United Parcel Service Inc. and FedEx Corp. are under scrutiny from the U.S. Justice Department over whether they broke antitrust law by refusing the deal with shipping consultants.
The department is focusing on whether the two largest package delivery companies are working to prevent clients from using third-party shipping consultants and negotiators, said Maxwell Blecher, an antitrust attorney representing shipping consultant AFMS Logistics Management.
UPS and FedEx said they were aware of the investigation.
Blecher said he had been contacted by a Justice Department attorney who had looked at a complaint AFMS filed in August. He arranged for the department's antitrust division to talk to AFMS CEO Mike Erickson.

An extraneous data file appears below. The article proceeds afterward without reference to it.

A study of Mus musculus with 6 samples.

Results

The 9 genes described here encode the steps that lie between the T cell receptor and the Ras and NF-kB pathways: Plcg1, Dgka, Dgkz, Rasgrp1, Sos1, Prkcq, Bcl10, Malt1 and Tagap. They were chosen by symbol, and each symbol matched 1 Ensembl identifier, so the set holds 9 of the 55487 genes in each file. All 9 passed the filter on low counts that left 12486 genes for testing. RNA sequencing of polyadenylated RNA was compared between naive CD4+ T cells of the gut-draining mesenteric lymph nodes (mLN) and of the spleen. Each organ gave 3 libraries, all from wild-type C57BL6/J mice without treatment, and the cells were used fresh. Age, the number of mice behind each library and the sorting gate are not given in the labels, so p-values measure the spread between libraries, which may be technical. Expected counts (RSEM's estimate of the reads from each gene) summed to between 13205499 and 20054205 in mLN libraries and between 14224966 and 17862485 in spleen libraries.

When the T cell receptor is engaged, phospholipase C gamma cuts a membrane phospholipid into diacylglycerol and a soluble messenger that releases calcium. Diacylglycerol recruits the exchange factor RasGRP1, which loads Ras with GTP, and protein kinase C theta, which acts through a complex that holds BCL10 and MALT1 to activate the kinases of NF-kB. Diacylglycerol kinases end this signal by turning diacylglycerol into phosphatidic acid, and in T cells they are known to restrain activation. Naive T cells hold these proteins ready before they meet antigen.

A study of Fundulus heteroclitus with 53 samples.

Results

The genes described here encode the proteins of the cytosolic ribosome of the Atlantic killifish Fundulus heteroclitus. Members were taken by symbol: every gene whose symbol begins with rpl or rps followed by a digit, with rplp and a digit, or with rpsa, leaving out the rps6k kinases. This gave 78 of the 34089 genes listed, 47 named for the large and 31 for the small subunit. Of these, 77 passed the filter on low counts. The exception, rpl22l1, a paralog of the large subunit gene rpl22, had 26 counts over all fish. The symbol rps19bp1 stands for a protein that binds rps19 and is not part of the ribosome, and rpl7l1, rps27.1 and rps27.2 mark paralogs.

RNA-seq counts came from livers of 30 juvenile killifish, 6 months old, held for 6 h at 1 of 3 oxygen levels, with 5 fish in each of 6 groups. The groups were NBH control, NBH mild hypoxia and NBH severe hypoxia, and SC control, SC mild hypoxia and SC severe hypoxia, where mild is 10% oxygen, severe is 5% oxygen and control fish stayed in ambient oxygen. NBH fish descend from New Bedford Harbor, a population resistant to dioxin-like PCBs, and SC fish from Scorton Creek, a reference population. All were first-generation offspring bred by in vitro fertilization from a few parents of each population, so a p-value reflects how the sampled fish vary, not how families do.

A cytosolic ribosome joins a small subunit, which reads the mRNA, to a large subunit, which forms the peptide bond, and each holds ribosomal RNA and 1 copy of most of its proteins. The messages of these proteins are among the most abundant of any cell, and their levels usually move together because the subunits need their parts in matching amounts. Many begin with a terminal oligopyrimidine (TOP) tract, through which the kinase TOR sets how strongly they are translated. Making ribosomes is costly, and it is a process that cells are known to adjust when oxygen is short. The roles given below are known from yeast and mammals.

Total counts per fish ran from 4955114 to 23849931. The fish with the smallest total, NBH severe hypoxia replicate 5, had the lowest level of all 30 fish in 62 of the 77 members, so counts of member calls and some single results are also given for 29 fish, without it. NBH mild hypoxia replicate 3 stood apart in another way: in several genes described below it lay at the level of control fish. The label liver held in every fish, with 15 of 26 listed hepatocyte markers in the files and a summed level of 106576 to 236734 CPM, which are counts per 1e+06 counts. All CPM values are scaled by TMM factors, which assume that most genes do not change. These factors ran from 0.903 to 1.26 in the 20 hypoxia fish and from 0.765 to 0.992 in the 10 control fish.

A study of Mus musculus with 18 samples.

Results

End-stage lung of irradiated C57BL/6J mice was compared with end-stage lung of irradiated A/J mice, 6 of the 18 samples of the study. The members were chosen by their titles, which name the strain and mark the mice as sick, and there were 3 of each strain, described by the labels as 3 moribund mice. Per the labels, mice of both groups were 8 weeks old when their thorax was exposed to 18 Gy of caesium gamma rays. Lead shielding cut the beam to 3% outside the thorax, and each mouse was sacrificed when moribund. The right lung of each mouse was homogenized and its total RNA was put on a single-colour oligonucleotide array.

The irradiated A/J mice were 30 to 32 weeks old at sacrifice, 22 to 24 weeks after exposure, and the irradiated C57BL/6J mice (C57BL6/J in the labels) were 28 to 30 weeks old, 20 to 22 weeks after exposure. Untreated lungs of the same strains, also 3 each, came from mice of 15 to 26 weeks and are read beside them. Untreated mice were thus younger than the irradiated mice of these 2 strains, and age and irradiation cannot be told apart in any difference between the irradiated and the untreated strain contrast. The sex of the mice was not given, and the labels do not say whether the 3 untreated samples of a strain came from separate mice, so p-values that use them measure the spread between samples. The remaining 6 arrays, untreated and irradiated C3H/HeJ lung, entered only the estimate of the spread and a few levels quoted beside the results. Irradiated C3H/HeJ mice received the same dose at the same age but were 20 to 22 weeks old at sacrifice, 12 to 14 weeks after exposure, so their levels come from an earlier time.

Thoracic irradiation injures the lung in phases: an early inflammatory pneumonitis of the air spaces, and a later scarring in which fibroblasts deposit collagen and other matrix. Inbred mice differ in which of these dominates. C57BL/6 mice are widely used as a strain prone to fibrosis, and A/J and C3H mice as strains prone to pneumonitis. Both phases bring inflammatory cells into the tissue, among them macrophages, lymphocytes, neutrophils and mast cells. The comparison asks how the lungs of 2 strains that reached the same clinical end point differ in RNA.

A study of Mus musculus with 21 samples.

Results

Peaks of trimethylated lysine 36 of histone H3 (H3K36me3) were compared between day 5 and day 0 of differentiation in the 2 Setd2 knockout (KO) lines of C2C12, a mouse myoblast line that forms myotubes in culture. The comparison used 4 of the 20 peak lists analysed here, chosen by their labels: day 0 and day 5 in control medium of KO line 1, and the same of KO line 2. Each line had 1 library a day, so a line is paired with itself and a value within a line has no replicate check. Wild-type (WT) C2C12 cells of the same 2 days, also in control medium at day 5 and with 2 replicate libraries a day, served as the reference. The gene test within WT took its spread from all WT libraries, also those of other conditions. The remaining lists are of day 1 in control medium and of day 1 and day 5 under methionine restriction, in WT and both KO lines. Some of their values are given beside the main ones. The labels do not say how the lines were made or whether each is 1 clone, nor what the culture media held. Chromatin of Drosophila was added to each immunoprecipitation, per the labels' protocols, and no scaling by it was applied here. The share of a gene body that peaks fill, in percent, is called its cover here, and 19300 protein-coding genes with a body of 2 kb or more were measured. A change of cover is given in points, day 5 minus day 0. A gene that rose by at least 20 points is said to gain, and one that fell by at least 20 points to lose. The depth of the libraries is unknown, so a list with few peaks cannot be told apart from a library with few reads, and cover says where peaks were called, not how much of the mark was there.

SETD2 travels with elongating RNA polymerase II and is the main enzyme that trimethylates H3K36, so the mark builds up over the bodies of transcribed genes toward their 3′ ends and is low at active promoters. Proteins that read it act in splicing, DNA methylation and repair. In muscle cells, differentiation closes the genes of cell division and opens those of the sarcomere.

Erickson told Reuters that he talked to the Justice Department three or four weeks ago. "They asked a lot of questions that pertained to antitrust activity but also other things," he said.
A Justice Department spokeswoman declined to comment.
"We are aware of the investigation," said FedEx spokesman Maury Lane. "We encourage our customers to work directly with us to determine the best FedEx service, shipping solutions and rate structure for them," added Lane.
Susan Rosenberg, a UPS spokeswoman, said a preliminary investigation began in mid-November. "They had asked UPS to respond voluntarily to questions and give them information on our policies."
Rosenberg said that FedEx and UPS compete aggressively. "We think pretty much the notion that FedEx and UPS have conspired to monopolize the marketplace for shipping service is a bit outrageous," she said.
"We have had policies to negotiate directly with our customers, and look at their shipping characteristics and build a program for them," she added.